The Forest Lover by Susan Vreeland

Title: The Forest Lover
Author: Susan Vreeland
Genre: Historical Fiction
Publisher: Penguin Books, 2004
ISBN: 9780143034308

Rating: 4.5 Crowns

The Forest Lover is the story of Canadian artist Emily Carr ( 1871 - 1945). It begins in 1906 as Emily returns to the land of her birth after years of art school in England and  America. Here on the west coast of Vancouver Island she hopes to escape the suffocating conventions of Victorian life and the expectations of her family. She finds freedom and a real sense of belonging on the Indian reserve and forms a close friendship with Sophie, a Squamish basket maker and her growing interest in Indian culture becomes a passion and determination to paint their totem poles, to visually record their symbolism before they are completely decimated.
 Alone or with a single Indian guide she faces the dangers of traveling deep into the British Columbian wilderness to visit isolated , and sometimes hostile villages.
Crying Totem
"This Tanu father cried with wrenching formality for his hapless sons. Whatever it meant to the Haida, to her, this Eagle father also cried for the smallpox dead at Raven House in Cumshewa. He cried for every father's son sent to war. He cried for Sophie's children, and for Sophie. He cried for Haaydzims and Muldo and Tuuns, some Gitksan fathers' sons, for Harold, and for all the beaten, disfigured, lost. His tears shut no one out"..........Chap. 39

As her painting progresses her longing to improve her technique takes her to Paris where she is influenced by the work of new artists like Matisse and Picasso and she returns to British Columbia with renewed determination to paint from the heart of herself, to portray her spiritual belief that  'God breathes in the forest' , to capture the soul of the land in her work.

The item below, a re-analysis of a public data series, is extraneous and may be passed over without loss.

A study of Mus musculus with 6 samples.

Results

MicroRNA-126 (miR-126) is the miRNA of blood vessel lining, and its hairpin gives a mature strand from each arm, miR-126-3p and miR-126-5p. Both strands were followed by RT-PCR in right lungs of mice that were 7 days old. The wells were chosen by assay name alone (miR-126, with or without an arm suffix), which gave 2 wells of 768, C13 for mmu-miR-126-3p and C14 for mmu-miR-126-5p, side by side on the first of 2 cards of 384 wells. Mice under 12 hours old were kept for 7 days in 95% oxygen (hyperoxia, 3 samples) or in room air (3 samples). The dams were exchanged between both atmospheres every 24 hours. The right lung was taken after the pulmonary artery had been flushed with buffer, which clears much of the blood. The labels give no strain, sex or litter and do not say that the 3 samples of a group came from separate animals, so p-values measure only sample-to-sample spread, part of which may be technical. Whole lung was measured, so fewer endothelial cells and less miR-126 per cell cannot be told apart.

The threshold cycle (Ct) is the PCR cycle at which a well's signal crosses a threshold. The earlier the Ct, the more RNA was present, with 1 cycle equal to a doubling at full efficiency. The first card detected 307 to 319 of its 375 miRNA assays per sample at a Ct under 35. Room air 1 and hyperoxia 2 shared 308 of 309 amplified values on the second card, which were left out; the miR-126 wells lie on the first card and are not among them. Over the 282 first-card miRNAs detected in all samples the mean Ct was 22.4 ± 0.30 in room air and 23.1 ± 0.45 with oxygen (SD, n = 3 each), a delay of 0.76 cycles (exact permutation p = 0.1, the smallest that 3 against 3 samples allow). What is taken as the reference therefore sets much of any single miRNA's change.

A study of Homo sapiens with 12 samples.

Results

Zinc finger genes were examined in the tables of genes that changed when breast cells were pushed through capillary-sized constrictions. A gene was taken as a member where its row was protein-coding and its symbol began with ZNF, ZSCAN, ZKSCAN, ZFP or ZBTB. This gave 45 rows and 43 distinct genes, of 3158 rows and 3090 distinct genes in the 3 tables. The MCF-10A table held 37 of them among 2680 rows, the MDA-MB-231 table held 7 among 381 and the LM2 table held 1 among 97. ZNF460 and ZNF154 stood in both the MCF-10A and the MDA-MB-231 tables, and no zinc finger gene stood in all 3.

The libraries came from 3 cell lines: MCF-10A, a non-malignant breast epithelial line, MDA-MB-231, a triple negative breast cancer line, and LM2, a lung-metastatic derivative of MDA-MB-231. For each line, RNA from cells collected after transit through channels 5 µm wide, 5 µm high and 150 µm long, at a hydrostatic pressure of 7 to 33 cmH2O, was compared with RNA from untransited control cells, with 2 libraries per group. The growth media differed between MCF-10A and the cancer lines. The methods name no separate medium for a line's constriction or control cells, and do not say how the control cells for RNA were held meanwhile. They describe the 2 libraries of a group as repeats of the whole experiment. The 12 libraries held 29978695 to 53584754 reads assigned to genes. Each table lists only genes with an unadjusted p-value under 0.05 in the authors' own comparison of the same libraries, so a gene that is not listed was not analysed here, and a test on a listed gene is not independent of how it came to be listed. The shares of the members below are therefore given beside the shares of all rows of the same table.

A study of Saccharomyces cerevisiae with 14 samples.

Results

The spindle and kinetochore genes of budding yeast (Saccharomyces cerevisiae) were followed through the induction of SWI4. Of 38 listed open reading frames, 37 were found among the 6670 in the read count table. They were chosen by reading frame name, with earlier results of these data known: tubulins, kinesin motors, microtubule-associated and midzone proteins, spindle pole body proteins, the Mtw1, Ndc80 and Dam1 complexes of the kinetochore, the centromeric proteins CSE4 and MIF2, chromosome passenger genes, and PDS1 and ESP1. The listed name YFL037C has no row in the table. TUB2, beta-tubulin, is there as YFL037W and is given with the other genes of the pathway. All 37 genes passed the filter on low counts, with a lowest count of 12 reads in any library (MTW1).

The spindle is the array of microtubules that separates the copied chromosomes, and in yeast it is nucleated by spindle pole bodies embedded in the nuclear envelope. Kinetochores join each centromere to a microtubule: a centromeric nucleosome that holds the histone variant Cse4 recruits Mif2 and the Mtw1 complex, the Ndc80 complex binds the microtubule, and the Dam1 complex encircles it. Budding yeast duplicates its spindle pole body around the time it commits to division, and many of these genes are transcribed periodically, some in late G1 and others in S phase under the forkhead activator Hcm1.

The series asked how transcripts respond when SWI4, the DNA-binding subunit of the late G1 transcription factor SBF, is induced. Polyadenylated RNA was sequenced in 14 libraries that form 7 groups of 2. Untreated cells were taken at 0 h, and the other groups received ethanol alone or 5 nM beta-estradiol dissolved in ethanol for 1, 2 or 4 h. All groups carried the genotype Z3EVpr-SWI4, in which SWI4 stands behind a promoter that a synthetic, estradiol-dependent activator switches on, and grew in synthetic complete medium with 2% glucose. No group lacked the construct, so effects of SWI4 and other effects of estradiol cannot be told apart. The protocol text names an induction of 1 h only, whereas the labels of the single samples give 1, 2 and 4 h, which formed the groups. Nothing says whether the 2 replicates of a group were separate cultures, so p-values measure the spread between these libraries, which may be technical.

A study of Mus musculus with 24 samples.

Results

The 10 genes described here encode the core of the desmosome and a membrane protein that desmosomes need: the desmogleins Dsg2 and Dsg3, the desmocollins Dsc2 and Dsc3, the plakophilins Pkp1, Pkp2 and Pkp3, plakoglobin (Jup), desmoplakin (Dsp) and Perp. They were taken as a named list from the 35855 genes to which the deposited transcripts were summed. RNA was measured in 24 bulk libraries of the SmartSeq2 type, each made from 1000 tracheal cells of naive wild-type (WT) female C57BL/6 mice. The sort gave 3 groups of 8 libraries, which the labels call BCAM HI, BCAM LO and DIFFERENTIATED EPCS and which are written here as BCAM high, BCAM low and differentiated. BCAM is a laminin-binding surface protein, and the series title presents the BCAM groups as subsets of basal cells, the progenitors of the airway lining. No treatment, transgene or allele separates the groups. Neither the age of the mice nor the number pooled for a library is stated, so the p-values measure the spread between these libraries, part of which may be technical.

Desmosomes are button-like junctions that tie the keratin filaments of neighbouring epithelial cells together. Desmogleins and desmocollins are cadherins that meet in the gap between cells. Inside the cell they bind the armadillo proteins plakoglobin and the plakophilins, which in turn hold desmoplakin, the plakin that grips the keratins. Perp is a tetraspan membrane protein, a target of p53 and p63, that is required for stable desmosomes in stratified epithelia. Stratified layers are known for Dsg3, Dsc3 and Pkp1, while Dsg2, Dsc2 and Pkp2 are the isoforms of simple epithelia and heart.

Red Tree

"As she began to paint, she saw rhythm in the tree's repeated forms, in the upward reach of the trunk furrows, its bare hanging withes reaching down, its laden boughs tangled with those of other trees. In one sweep she united the branches into a mantle of cedars. Her swinging arm became a swoop of greenery, boughs from adjacent trees breathing into each other, supporting each other, all one." Chap. 36

It would be two decades before Emily Carr's work received recognition but today her work is represented in major art galleries all over the world.

I loved every word of The Forest Lover and it is a certainty for one of my favourite historical fiction novels this year. It's always a pleasure to read about someone previously unheard of and Susan Vreeland's feeling for her subject is obvious in the way she captures the spirit of a true artist. The descriptive prose is gorgeous and brings the grandeur and beauty of the Pacific NorthWest vividly to life and the history of the region and the native people was fascinating. Plenty of extras with a map, a conversation with the author and book club questions and a book I'm happy to recommend wholeheartedly.